EU extends guidelines on ML/TF for crypto companies
We’ve written before that the European Banking Authority (EBA) has published new guidelines for crypto-asset service providers (CASPs). The EBA extended its Guidelines on money laundering and terrorist financing risk factors to include CASPs, highlighting the ML/TF risk factors and mitigating measures that CASPs need to consider.
The guidelines include detailed risk assessment directives for CASPs, particularly focusing on the potential dangers associated with various features of crypto-assets, such as rapid transfers and features that conceal user identities. The guidelines aim to equip CASPs with the knowledge and tools to identify and effectively manage their exposure to ML/TF risks.
The new sector-specific risk factors that may indicate the CASP’s exposure to higher or lower ML/TF risk include:
Transactions to Self-Hosted Addresses: Transactions to or from self-hosted addresses are considered higher risk, requiring enhanced due diligence.
Privacy-Enhancing Features: Products that contain anonymity-enhancing features or allow transfers to and from self-hosted and decentralized trading platforms are considered higher risk.
Customer Behavior: Inconsistent or incorrect information provided by customers, transaction volumes or patterns that are not in line with those expected from the type of customer, and links to high-risk jurisdictions are all considered higher risk.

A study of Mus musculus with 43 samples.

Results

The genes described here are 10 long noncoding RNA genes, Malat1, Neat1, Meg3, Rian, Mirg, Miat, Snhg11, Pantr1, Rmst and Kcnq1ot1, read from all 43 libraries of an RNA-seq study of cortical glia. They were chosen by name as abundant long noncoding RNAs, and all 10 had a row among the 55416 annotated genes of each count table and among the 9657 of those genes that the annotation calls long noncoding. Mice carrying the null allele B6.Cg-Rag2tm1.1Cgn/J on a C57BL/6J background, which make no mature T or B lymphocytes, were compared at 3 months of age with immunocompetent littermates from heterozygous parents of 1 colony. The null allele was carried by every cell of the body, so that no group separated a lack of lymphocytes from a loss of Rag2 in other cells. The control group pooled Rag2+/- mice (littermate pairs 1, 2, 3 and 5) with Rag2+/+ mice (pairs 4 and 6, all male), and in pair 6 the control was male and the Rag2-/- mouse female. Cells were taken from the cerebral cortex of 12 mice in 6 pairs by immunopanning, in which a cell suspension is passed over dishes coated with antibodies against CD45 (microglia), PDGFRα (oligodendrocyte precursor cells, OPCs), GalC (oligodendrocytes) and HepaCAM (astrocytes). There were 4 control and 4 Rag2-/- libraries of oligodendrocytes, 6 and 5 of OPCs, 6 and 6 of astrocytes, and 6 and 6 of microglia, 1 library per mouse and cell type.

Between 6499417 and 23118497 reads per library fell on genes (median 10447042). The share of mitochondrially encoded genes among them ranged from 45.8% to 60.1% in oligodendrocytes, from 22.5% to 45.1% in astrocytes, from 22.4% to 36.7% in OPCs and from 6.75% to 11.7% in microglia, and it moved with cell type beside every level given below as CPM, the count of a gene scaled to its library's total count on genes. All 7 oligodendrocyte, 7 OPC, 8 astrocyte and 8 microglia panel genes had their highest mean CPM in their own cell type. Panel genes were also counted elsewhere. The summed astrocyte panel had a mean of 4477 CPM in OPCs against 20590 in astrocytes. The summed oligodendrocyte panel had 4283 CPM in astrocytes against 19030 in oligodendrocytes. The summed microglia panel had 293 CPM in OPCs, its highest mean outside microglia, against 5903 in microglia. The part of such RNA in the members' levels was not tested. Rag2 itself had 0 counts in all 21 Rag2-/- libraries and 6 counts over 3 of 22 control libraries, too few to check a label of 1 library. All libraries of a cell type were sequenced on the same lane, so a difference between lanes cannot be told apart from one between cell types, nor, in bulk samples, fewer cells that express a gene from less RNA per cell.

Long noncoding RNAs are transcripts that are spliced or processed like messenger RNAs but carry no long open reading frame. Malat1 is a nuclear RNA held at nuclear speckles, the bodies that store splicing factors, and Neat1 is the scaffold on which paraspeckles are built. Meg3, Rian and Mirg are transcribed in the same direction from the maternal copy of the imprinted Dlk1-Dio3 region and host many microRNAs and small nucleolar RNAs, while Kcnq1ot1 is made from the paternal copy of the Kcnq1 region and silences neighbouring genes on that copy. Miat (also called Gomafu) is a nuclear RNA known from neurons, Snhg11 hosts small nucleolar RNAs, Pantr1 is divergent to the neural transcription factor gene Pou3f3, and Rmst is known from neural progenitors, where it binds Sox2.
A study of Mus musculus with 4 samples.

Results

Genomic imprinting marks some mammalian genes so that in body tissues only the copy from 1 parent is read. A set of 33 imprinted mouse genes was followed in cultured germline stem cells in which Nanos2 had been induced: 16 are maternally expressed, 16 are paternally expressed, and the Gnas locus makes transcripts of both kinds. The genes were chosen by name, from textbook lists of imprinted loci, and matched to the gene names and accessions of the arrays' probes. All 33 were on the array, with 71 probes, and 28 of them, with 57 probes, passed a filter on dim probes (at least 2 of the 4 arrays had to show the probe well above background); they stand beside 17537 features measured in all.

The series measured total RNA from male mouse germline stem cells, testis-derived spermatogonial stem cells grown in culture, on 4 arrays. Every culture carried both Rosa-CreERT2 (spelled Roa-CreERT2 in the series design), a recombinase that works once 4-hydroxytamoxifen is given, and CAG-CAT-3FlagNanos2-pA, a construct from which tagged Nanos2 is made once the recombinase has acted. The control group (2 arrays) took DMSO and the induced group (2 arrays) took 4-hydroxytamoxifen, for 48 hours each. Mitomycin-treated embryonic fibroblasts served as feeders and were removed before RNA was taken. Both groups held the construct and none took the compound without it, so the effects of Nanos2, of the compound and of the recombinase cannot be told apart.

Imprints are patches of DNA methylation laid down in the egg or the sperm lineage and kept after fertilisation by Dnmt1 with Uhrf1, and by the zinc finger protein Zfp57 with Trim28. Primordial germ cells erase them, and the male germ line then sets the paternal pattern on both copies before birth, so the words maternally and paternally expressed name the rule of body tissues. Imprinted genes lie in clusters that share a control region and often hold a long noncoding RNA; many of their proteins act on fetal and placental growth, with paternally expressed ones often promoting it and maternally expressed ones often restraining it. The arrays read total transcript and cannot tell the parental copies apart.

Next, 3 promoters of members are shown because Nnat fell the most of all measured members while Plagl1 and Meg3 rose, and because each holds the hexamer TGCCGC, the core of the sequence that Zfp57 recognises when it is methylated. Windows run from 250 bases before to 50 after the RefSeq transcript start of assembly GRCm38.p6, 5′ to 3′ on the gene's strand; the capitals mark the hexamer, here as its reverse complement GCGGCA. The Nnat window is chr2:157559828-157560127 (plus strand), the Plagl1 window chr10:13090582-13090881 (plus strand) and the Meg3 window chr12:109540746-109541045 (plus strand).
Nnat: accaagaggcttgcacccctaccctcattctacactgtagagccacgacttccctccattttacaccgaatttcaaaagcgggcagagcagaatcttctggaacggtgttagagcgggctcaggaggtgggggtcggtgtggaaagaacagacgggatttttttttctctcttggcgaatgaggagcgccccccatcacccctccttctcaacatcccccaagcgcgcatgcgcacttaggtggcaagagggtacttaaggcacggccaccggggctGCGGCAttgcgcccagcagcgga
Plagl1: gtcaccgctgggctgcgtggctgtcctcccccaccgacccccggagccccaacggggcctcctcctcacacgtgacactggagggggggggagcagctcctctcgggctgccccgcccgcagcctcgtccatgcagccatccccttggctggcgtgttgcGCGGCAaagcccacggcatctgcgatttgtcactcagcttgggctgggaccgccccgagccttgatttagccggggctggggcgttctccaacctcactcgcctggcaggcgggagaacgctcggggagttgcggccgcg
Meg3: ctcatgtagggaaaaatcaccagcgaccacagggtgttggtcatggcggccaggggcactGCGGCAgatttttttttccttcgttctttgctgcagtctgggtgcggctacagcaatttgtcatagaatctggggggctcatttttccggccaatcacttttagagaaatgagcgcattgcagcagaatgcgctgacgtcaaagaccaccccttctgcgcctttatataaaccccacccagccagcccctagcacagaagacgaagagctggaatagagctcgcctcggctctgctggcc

Rapid Transfers: Rapid transfers of crypto-assets across the world are considered higher risk.
Mixers and Tumblers: The use of mixers and tumblers is considered higher risk.
The guidelines are expected to apply from 30 December 2024. The EBA has also issued a public consultation for EU’s member states on new guidelines on preventing the abuse of funds and certain crypto-asset transfers for money laundering and terrorist financing purposes, in line with the Markets in Crypto-Assets Regulation (MiCA). The consultation is open until 26 February 2024.
The European Banking Authority (EBA) is an independent EU authority that works to ensure effective regulation and supervision of all banking entities located or operating in the European Union. Its overall objectives are to maintain financial stability in the EU and to safeguard the integrity, efficiency, and orderly functioning of the banking sector. The EBA has the power to overrule national regulators if they fail to adequately regulate banks in their jurisdiction. It also contributes to developing a framework for dealing with a failing bank or investment firm and oversees the Standing Committee on AML/CFT.
By the way, you can always check a crypto address using TokenScope for specific risk factors by clicking on the «Request address report» button on the address page.